The Chancellor has insisted Britain is not turning its back on the world’s poorest people as he defended the Government’s plan to cut the foreign aid budget amid a growing Tory backlash.
Rishi Sunak admitted it was a “difficult decision” to slash overseas aid from 0.7% to 0.5% of gross national income (GNI), but said the UK is in the midst of an “economic emergency”.
A number of prominent Conservatives have publicly expressed concern at the move, announced in Wednesday’s Spending Review, which reneges on a manifesto commitment.
Foreign Office minister Baroness Sugg quit in protest against the plan, while former international development secretary Andrew Mitchell said the change will cause “100,000 preventable deaths, mainly among children”.
But in an interview with Sky News, Mr Sunak said: “I don’t think anyone could characterise our level of support for the poorest countries as turning our back.
“We’ll be spending more as a percentage of GDP than France, Canada, the US, Japan.”
GNI in 2019 was £2.17 trillion, meaning a drop from 0.7% to 0.5% would account for more than £4 billion.
The overseas aid cut was one of a number of measures outlined in the Spending Review intended to help cope with the economy contracting by an expected 11.3% this year.
Mr Sunak also announced what amounted to a pay freeze for an estimated 1.3 million public sector workers, and sought to defend the policy on Thursday morning.
He said there was a “disparity” between the public and private sectors going into the coronavirus crisis, and “even when you take into account characteristics and pensions, there was at least a 7% pay premium for public sector”.
He told Sky: “That pay premium has certainly widened in the last six months, because what we’ve seen over the last six months is private sector wages have fallen by a percent and public sector wages have risen by around 4%.
“On top of that, people in the private sector are losing their jobs, their hours are being cut, they are being furloughed – none of that is happening in the public sector.
“So given the context, I couldn’t justify an across the board, universal pay increase for the public sector.”
Shadow chancellor Anneliese Dodds said Mr Sunak had a chance in the Spending Review to put confidence back into the economy.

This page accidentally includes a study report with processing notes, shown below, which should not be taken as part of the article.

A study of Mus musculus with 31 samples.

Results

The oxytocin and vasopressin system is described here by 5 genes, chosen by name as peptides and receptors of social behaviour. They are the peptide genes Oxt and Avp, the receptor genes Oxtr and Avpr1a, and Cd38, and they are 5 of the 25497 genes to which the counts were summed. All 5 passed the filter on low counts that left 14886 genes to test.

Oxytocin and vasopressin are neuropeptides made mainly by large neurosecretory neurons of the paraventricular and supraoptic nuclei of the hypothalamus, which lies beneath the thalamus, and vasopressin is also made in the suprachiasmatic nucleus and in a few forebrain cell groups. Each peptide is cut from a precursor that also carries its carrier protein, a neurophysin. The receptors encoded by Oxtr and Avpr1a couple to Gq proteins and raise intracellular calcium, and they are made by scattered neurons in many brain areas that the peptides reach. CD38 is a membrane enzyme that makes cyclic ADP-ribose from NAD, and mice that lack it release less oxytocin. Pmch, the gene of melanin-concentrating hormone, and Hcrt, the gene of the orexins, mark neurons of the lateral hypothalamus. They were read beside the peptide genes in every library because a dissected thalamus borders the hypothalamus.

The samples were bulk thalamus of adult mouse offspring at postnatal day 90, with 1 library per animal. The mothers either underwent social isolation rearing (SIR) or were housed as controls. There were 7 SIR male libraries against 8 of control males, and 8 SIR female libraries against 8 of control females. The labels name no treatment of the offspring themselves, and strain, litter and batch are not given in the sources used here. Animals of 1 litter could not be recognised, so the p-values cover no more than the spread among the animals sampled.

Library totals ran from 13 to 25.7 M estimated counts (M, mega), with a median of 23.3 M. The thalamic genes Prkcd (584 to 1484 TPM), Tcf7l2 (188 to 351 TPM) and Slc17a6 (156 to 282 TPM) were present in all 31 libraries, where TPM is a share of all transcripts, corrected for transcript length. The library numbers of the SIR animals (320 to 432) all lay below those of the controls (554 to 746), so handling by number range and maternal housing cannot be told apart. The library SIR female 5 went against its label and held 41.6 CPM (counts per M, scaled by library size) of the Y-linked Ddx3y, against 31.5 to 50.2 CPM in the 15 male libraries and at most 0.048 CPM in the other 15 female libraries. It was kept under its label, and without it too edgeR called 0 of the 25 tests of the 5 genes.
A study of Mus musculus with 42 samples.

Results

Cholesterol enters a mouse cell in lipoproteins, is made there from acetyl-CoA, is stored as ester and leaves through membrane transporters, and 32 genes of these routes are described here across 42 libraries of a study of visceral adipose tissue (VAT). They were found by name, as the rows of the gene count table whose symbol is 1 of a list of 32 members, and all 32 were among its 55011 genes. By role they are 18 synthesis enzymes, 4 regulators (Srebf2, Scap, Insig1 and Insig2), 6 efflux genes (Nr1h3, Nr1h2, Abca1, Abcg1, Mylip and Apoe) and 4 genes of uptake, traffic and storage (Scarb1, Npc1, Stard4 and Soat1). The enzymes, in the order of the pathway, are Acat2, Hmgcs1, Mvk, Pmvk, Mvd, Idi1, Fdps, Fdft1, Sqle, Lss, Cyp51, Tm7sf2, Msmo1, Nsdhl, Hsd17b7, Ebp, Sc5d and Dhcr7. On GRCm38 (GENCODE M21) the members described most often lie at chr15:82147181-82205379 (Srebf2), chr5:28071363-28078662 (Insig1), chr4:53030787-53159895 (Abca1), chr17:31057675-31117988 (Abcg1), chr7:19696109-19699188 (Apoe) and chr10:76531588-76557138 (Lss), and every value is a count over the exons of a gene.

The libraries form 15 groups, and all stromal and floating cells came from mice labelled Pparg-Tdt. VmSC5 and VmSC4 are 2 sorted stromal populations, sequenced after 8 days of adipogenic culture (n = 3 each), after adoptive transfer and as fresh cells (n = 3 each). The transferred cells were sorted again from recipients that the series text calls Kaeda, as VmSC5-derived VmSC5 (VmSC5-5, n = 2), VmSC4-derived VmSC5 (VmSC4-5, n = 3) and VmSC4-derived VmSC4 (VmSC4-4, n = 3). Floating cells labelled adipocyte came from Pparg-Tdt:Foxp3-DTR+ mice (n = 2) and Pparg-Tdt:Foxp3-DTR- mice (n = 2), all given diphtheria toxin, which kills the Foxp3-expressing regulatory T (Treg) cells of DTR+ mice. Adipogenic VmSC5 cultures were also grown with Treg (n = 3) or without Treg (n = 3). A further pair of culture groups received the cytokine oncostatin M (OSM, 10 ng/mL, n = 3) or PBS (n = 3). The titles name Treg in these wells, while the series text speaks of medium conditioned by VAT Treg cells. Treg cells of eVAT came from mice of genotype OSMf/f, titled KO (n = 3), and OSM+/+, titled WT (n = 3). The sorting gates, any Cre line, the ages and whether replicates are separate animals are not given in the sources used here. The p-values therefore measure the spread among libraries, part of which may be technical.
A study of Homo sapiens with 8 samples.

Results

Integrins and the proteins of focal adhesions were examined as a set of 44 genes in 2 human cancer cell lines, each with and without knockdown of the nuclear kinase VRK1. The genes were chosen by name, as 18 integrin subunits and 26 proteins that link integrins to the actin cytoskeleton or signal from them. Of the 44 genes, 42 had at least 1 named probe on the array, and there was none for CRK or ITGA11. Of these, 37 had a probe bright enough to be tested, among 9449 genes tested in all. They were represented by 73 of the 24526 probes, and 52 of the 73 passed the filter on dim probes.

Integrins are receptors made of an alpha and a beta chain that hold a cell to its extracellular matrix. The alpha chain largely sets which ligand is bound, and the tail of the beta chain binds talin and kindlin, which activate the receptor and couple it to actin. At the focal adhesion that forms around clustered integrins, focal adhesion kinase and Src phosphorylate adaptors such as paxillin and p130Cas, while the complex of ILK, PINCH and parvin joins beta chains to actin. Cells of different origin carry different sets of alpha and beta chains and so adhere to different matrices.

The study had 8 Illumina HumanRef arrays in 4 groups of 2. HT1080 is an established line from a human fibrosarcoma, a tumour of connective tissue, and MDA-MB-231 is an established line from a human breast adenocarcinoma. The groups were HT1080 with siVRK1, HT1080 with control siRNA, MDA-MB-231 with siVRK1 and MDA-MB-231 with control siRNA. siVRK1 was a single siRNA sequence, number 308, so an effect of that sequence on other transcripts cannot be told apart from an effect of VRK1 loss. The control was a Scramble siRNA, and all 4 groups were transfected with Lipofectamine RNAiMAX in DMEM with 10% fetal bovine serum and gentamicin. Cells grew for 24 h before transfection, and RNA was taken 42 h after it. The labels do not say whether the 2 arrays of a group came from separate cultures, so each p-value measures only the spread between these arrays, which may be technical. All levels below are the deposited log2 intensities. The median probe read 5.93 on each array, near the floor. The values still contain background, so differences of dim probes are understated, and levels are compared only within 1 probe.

But she told ITV’s Good Morning Britain: “What did he choose to do instead? Well he hit people’s pockets, he decided to, yes, focus that pay freeze on police and on teachers.
“Now that means they’re not going to be spending in our high streets.”
The Chancellor told MPs on Wednesday the economy is not scheduled to recover to pre-crisis levels until the end of 2022.
Emergency measures will see the Government borrow £394 billion this year, which amounts to 19% of Gross Domestic Product (GDP), a measure of the size of the economy – the highest ever recorded in peacetime.
However, Institute for Fiscal Policy (IFS) head Paul Johnson questioned whether even more borrowing than that signalled by the Government will be needed.
He tweeted: “SR (Spending Review) assumes zero spending on Covid after next year. It assumes Universal Credit is cut in April. It assumes non-Covid spending will be £10bn p.a. less than expected in March.
“Not sure any of these will happen. Implying quite a lot more borrowing even than the £100bn forecast.”
Torsten Bell, chief executive of the Resolution Foundation think tank, said the Chancellor “quietly dialled down his spending plans beyond the crisis” in the Spending Review.
“For all the talk of ending austerity, its legacy will continue for many public services throughout the parliament.
“While the priority now is to support the economy, the permanent damage to the public finances mean taxes will rise in future. But which taxes those will be, like which Brexit we can expect, are questions the Chancellor left for another day.”
Mr Sunak declined to comment on any future tax rises during his morning interview round on Thursday.